We are most pleased to invite you to participate in an evening of discussion on the question of EU cybersecurity certification as a primary tool to mitigate cyber risks in Europe with our distinguished speakers Mr Jean-François Junger, Deputy Head of Unit, Cybersecurity Technology and Capacity Building, European Commission, Ms Tamara Tafra, Counsellor, Cyber Issues, Permanent Representation of Croatia, Mr Jon France, Head of Industry Security, Technology, GSMA and Professor Chris Mitchell, Department of Information Security, Royal Holloway, University of London.
Dr Boutheina Chetali, Security and Certification Senior Expert, Huawei, will hold an introductory speech.
The debate will be moderated by Mr Paolo Grassia, Director of Public Policy, ETNO.
This event was kindly sponsored by
Promoting ongoing awareness of the
About the debate
Over the last three years, EU institutions have incrementally increased their focus on the question of cybersecurity and cybersecurity requirements. This process culminated this year with the adoption of the Cybersecurity Act. This piece of legislation aimed at further empowering ENISA as the EU Cybersecurity Agency, and at starting the process of establishing a risk-based cybersecurity framework which would enable the creation of EU certification schemes. The Commission consequently adopted a Recommendation which identified a number of actions to ensure an EU-wide approach to 5G networks and resulted in a report released by the NIS Cooperation Group, composed by EU member states’ cybersecurity experts, in cooperation with the European Commission and ENISA. This report identifies the main cyber threats and actors, the most sensitive assets, as well as key vulnerabilities and strategic risks and it will be used as a basis to create an EU toolbox of possible measures for risk mitigation.
The reasons behind this regulatory and policy dash are multiple and encompass several overarching features of cybersecurity. First of all, the speed of innovation, as well as its scope and expected impacts at the European and international level have valuably increased, with special regard to the prospect of a mass use of 5G technologies. In addition, the very nature of information and communication technology is evolving swiftly, as 5G will not only increase the speed and responsiveness of wireless networks, but it will also mark a further shift from a hardware to a software-centred technology with multiple layers of possible patching and interaction. Moreover, European Institutions have been concerned with both the recent evolutions of the international arena and the European industry struggle to keep pace with the innovation of mobile network operators and their suppliers worldwide, as well as with manufacturers of connected devices and related service providers.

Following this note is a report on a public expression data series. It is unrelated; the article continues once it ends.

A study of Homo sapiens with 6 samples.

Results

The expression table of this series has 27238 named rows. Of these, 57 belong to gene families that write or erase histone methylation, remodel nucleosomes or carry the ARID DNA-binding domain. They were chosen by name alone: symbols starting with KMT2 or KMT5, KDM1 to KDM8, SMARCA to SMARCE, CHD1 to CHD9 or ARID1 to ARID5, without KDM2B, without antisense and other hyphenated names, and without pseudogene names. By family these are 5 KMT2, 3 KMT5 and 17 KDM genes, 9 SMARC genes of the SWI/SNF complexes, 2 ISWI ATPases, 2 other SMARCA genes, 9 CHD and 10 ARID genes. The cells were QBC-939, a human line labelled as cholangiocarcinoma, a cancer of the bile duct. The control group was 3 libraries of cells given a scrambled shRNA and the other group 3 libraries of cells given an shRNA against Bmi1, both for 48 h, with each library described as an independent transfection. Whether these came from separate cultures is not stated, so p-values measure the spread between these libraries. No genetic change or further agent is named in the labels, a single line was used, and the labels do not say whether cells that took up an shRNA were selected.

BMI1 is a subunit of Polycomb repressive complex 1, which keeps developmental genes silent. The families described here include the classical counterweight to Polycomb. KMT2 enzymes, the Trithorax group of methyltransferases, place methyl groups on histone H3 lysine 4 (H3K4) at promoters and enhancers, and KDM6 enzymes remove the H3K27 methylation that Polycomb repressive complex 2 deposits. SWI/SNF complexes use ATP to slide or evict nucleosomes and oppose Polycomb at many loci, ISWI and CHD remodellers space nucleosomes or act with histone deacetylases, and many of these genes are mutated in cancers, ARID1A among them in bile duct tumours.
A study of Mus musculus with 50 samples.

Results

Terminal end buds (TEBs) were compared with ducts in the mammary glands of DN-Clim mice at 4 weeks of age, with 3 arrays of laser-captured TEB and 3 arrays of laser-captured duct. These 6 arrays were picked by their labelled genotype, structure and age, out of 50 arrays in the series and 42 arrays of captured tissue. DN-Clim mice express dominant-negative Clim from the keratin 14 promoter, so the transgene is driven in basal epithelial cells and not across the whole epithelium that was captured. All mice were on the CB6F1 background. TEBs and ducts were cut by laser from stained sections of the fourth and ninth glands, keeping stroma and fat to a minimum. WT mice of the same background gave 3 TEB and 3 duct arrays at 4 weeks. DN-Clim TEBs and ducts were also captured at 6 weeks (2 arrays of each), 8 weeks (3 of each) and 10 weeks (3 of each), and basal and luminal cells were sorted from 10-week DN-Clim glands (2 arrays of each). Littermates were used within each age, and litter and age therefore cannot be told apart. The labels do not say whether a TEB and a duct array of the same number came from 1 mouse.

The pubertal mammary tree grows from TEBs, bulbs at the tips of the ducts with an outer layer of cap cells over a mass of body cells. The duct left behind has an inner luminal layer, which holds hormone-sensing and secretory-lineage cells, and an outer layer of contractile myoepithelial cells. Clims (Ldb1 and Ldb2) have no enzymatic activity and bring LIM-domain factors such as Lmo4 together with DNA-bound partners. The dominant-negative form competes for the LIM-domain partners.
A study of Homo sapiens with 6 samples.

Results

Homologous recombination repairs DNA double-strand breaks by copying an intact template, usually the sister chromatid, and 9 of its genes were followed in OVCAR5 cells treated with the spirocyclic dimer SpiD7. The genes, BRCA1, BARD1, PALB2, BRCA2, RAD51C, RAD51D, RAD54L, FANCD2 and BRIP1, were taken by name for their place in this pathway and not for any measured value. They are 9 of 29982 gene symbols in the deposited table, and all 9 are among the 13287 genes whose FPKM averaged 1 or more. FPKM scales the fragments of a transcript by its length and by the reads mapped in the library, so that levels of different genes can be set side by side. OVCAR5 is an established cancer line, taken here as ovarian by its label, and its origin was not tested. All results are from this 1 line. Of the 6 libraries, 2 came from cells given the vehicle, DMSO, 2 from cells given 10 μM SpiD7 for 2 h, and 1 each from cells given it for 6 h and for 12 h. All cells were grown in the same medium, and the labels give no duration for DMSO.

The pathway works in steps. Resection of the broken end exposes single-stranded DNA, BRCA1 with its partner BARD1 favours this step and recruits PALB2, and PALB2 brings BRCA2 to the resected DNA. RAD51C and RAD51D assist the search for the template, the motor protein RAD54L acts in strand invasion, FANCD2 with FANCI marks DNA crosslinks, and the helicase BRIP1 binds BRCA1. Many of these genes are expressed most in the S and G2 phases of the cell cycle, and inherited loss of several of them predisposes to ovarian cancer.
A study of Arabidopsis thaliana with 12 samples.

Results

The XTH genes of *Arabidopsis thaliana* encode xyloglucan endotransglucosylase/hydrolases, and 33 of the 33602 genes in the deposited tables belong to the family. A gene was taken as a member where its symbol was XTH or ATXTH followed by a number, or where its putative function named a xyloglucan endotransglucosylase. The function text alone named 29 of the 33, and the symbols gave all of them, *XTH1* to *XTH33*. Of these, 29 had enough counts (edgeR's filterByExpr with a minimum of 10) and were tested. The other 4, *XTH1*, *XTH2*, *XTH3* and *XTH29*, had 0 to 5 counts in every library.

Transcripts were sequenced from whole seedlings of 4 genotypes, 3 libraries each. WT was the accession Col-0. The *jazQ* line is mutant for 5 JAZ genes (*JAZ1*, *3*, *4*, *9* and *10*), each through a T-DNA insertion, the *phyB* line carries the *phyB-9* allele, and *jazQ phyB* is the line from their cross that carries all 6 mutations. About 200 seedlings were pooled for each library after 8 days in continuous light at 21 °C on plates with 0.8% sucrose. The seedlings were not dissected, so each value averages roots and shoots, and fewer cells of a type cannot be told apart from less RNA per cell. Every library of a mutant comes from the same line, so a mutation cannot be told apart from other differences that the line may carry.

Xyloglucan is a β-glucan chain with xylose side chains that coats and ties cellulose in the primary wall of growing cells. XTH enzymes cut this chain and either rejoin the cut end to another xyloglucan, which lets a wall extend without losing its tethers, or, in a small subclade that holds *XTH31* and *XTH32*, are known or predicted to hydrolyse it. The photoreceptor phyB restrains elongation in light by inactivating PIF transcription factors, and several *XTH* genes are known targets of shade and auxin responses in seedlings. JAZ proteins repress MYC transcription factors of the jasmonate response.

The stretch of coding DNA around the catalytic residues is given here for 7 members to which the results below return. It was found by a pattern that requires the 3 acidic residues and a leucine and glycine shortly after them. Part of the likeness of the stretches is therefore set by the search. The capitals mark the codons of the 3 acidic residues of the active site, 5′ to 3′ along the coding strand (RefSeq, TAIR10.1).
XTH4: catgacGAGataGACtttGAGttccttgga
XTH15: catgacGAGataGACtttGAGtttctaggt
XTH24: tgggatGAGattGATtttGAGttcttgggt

Against this background, the debate at a European level is increasingly focused on the question of cybersecurity certification as a primary tool of cyber-risk mitigation. Indeed, in accordance with the Cybersecurity Act, the related Commission’s recommendation indicates “third-party certification for hardware, software or services, formal hardware and software tests or conformity checks, processes to ensure access controls exist and are enforced, identifying products, services or suppliers that are considered potentially not secure” as primary measures to secure the EU cyberspace. Experts and commentators are divided about the very issue as while some have pointed at certification as an effective measure to bring about high-level common standards both across the EU and internationally, others have highlighted the risks of adopting a policy approach which would not allow to keep the pace of innovation. Furthermore, other concerns were raised regarding the continuation of fragmentation, as member states are, according to the current legal setting, ultimately responsible for national security and cybersecurity information exchange, as well as regarding the lack of diplomatic willingness to reach a global consensus on cybersecurity requirements.
This event will be held under the Chatham House Rule. Participants are free to use the information received but neither the identity nor the affiliation of the attendees may be revealed. For this reason, unless explicitly authorised by PubAffairs Bruxelles, the filming and/or the recording of the event by any means are strictly forbidden.
The event will commence with a welcome drink at 7.00 pm, followed by a panel debate at 7.30 pm. After the panel debate there will be an opportunity for questions and discussions.
We look forward to seeing you at 7.00 pm on the 19th of November 2019 at The Office, rue d’Arlon, 80, Brussels.
All our debates are followed by a drink in a convivial atmosphere.